This series is called “Successful Queries” and I’m posting actual query letters that succeeded in getting writers signed with agents. In addition to posting the actual query letter, we will also get to hear thoughts from the agent as to why the letter worked.
Dear Ms. Kriss:
As you represent strong authors in the adult urban fantasy genre such as Vicki Pettersson and Lilith Saintcrow, and your agency’s website also states an interest in Young Adult fiction, I thought you might be interested in seeing my contemporary fantasy novel for older YA readers, THE IRON WITCH.
Freak. That’s what they called seventeen-year-old Dona Underwood in high school after a horrific fey attack that killed her father when she was just a child. Her injuries and subsequent rehabilitation resulted in magically enhanced strength, thanks to the iron tattoos branding her hands and arms.
Now, after ten years of wishing for a normal life, she finally has to accept her role in the centuries-old war against the darkest outcasts of Faerie. Aided by a gorgeous half-fey dropout and a depressed biker-chick vampire, Dona must race to save her best friend’s life – even if it means betraying one of the world’s greatest secrets and confronting the very thing that destroyed her family.
Although I am from London in the United Kingdom, I think my writing will find a more natural market in the United States. THE IRON WITCH is set in the imaginary city of Ironbridge in Western Massachusetts, and I hope it will appeal to readers of Melissa Marr and Holly Black. The novel is complete at 65,500 words and I have just begun work on another book set in the same world.
As per the current submission guidelines, I have pasted the first ten pages and a detailed synopsis below, and would be delighted to send the full manuscript at your request. Thank you very much for your time and consideration.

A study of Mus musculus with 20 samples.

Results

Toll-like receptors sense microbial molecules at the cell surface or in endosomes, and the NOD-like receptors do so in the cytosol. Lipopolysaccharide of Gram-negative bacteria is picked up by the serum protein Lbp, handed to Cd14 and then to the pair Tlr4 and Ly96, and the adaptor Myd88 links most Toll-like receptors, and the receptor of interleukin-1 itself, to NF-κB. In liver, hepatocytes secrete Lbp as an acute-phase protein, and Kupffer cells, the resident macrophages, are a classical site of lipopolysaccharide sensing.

Commentary from Miriam
For me this is a textbook example of an ideal cover letter. It’s very clear she knows who I represent and
understands how it relates to her own project. She’s not making grandiose claims and she’s not making me feel this is generic letter she sends to everyone. Feeling people have done their homework is always a good thing.
The third paragraph gives a good sense of both the story’s hook and its voice. That’s a hard thing to capture in a couple of paragraphs, but if your synopsis doesn’t do both, you’re wasting an opportunity.
She shows that she knows the market and her place in it. She’s explaining why a UK author would be looking for a US agent as her primary agent, which clarifies something that might be a point of confusion (i.e. she exhausted all UK leads). She’s also showing she knows what an appropriate length for this genre is. The mention of a second book shows that she’s in it for the long haul and that she plans a series, which is again is appropriate for this genre.
This is key, again showing her preparation. Since we as an agency prefer to see the writing before making a decision I’m very glad she included those pages, because it let me see how talented she was and how much I wanted to read the whole book. (The Iron Witch came out in Feb. 2011.)